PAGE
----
The package is massive (880 pages of text) and we have distilled some of the key areas (not all-inclusive) impacting small business and individuals :
Loans To Small Business That Convert to Grants/Forgiveness:
Perhaps one of the most pervasive pieces of the legislation involves the $349B in funds earmarked to lend to small businesses. Through its existing 7(a) program, the SBA would work through banking channels to provide loans to small businesses up to $10M.
These loans may be converted into grants (forgiven) as long as the borrower uses the funds to cover payroll, employee benefits, interest, rent utilities, etc. If a business cuts workers or reduces their pay, the amount forgivable would be reduced proportionately.
More detailed information regarding maximum loan calculations, tax nuances and other details within this provision in our piece on the SBA program, will be sent later today.
Businesses May Defer Payroll Taxes For the Remainder of the Year :
Employers are entitled to defer the employer portion of payroll taxes under the 'payroll tax deferral period' out to 2021 (50%) and 2022 (50%). 'Payroll tax deferral period' is defined as the period beginning on the date of enactment of this Act and ending before January 1, 2021.
Businesses May Carryback Today's Losses Against Prior Year Profits :
The previously removed Net Operating Loss carryback provision is now reinstated for companies incurring losses during 2020. The carryback rules are complex also involving the ability to use 2018/2019 losses. We will have more details on this in a separate piece.
Business Interest Expense Limitation:
The TCJA limited the amount of allowable deductions for business interest (regardless of the type of entity) for tax years beginning after 2017. The limitation is generally the amount of business interest income for the year plus 30 percent of the taxpayer's adjusted taxable income for the year. The limitation does not apply to taxpayers with average annual gross receipts for the prior three year below an inflation-adjusted amount of $26 million or less.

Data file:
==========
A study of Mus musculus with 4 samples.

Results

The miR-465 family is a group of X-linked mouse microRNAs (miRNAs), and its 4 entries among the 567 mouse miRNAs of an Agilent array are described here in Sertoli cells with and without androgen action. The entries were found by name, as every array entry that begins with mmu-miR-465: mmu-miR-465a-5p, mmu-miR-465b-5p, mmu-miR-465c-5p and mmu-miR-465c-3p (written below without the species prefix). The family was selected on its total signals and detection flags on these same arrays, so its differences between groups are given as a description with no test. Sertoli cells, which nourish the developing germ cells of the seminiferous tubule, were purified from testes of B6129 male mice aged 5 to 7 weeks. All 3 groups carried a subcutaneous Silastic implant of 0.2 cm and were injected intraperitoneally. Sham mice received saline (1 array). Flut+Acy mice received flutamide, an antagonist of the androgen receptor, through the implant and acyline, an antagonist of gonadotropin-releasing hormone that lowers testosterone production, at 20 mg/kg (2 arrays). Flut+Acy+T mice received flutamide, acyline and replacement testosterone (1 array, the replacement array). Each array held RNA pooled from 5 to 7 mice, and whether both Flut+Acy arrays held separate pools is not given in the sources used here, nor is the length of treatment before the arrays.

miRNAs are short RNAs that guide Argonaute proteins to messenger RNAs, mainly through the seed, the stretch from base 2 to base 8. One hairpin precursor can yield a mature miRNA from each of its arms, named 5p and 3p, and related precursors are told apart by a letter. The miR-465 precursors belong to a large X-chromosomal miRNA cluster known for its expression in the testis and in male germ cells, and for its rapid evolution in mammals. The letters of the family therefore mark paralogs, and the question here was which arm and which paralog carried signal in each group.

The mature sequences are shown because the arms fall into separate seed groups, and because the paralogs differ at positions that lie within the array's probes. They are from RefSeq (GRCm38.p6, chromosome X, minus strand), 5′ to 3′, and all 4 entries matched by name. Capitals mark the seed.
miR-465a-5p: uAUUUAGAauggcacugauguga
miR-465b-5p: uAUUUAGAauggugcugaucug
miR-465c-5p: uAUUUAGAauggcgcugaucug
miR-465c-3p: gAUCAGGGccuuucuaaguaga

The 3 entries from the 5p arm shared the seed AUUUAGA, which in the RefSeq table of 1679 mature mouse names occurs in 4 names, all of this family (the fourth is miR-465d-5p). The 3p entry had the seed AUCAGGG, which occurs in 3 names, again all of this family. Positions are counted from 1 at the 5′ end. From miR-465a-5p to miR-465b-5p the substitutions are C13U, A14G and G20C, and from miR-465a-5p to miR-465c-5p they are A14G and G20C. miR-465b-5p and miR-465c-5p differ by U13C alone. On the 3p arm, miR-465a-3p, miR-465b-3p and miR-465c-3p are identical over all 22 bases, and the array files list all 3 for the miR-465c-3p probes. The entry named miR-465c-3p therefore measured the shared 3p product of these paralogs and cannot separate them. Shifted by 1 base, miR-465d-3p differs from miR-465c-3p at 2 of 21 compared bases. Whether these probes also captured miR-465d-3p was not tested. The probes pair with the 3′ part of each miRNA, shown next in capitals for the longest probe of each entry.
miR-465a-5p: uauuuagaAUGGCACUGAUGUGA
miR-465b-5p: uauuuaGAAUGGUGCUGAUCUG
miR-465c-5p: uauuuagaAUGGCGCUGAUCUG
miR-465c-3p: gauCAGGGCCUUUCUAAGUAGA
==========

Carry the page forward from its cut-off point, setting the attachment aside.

The bill increases the limitation amount to 50 percent of the taxpayer's adjusted taxable income for 2019 and 2020.
Employee Retention Credit:
The CARES Act would grant eligible employers a credit against employment taxes equal to 50 percent of qualified wages paid to employees who are not working due to the employer's full or partial cessation of business or a significant decline in gross receipts. The credit is available to be claimed on a quarterly basis, but the amount of wages, including health benefits, for which the credit can be claimed is limited to $10,000 in aggregate per employee for all quarters. The provision contains several requirements defining qualified wages, qualified employees, and qualified employers. The credit applies to wages paid after March 12, 2020, and before January 1, 2021.
Retailers/Restaurants Benefit From a Depreciation Fix to Leasehold Improvements:
Lawmakers now fix a previous drafting error that prevented restaurants and retailers from utilizing 15 year depreciation and bonus depreciation provisions.
The legislation would provide significant expansion of unemployment benefits increasing the duration by 13 weeks coupled with a four-month period of enhanced benefits which includes an additional $600 per week beyond what state unemployment programs pay. In total, unemployed workers may be eligible for unemployment benefits up to 39 weeks. The program now encompasses self-employed, subcontractors, freelancers, furloughed employees and "gig" workers such as Lyft and Uber drivers.
Retirement Withdrawal Leniency and Retirement Loan Expansion:
The legislation now eases rules on retirement withdrawals and loans. Those impacted by the crisis can access up to $100,000 of their retirement without the 10% penalty. The legislation also doubles the amount of 401(k) you can borrow against (now the lower of $100k or 100% of the account balance).
Required Minimum Distributions (age 70 ½ or age 72) from your retirement have been suspended for 2020.
One-Time Checks Out to Taxpayers:
A one-time check of $1,200 to Americans who make up to $75,000 of AGI (adjusted gross income). Married couples earning up to $150,000 of AGI receiving $2,400. An additional $500 per child will also be included. The payment would phase-out entirely once AGI is over $99,000 for single taxpayers and $198,000 for couples without children. Individuals with no or little tax liability would receive the same amount. White House officials indicated direct payments could happen as soon as April 6th.
$300 Above the Line Charity Deduction:
For 2020, those not itemizing their deductions and taking the standard deduction can still claim a $300 charitable deduction.
Student Loan Requirement Leniency:
The legislation would allow most taxpayers with federal student loans to suspend their monthly payments through September 30, 2020 without interest accruing. Employers would also be allowed to make contributions to their employees' student loan payments tax free to the recipient.